In this post, I am going to explain why learning a language is similar to forming a new habit and why you should never stop learning until you have reached fluency.
It is easier to lose a habit than to create one
If you are a runner you know that once you stop running you lose your training very fast. What it took three months to build up you can lose it in one month without training and, what is worst, when you re-start training it will take you again three months of training to reach the same condition you had before you stopped running. In other words, it is easier to lose your condition than to build it up and it is also easier to maintain your training than to build it up from scratch. That is why every person who runs regularly (or practices some other kind of sport) fears injuries.
It is easy to forget new knowledge
After few weeks that I am not practicing German I am noticing that I am loosing fast some of the knowledge I gained in the last months. It seems to me that something similar to what happens for physical condition may happen when we stop for a while to learn a language. In other words, we may forget faster than we learn. Why so?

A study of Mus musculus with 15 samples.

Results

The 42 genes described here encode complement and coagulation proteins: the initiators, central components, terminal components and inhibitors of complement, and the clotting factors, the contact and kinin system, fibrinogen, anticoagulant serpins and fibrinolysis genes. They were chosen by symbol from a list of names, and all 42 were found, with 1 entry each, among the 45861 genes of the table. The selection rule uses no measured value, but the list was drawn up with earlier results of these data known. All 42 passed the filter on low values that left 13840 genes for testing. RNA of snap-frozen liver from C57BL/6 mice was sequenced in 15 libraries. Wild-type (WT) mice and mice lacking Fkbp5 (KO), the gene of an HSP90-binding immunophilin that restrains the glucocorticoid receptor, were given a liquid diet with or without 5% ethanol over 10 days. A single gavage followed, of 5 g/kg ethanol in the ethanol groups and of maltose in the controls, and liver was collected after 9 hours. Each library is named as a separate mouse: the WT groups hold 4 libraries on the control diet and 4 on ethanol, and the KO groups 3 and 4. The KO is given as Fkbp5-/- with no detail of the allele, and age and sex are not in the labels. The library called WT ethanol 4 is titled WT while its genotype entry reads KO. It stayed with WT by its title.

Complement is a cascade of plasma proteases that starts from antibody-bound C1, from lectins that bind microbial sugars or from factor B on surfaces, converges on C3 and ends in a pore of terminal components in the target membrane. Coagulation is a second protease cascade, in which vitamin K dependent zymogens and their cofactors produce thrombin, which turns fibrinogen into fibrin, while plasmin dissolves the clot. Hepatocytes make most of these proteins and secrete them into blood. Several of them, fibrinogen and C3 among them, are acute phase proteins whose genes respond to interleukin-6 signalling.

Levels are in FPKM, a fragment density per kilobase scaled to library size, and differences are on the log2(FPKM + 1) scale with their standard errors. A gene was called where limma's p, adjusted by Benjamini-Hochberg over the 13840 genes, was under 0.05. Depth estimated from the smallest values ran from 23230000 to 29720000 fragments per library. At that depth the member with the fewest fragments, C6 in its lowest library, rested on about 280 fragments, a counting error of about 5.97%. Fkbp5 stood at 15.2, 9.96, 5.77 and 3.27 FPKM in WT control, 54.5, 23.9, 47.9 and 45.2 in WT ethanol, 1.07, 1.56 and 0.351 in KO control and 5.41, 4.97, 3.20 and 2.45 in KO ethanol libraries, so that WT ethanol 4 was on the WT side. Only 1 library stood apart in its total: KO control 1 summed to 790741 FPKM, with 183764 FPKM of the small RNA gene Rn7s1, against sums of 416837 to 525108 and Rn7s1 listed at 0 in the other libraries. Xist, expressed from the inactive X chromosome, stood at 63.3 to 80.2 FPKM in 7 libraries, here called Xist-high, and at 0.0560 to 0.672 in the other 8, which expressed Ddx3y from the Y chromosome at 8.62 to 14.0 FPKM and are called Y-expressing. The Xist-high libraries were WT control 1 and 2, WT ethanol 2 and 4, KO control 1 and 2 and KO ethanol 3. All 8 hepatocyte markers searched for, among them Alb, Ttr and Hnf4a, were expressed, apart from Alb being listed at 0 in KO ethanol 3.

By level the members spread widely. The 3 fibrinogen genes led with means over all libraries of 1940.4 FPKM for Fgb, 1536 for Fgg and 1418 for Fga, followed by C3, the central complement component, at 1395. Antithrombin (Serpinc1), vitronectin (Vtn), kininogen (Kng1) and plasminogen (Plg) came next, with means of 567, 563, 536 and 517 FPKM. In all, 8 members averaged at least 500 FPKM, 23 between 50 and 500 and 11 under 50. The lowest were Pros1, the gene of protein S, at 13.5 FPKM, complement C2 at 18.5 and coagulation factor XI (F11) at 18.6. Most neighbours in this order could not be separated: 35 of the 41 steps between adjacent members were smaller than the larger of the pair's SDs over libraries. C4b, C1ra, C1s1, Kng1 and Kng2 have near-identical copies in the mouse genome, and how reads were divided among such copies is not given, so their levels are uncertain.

Forming new habits and learning a language
I think this has something to do with the fact that learning a language, like gaining physical condition, is like forming a new habit and to form a new habit we have to go through a period when old habits (whether these are body habits or mind habits) are melted in order to allow space for the new ones. When you run new muscle fibres will form. When you learn a language new connections in your brain will be formed. This period of transition is crucial for the formation of the new habit and it is also the worst moment to stop learning because the new habit (the target language, or the physical condition) is still not “solidified”.
It is easier to maintain than to re-start from scratch. i.e. Do not stop learning before you reach fluency
It follows that the most efficient way to learn a language is to avoid gaps in your learning period before you reached fluency and probably even a while after that. Otherwise you risk losing months of work in relatively little time. If you need to slow down with your language training, do at least the minimum work to maintain your level as it is.
Fortunately, once you have achieved fluency in your target language, and you have practiced it extensively for a while, “black-out periods”, where you do not use the language, will not be as harmful as during the initial learning period.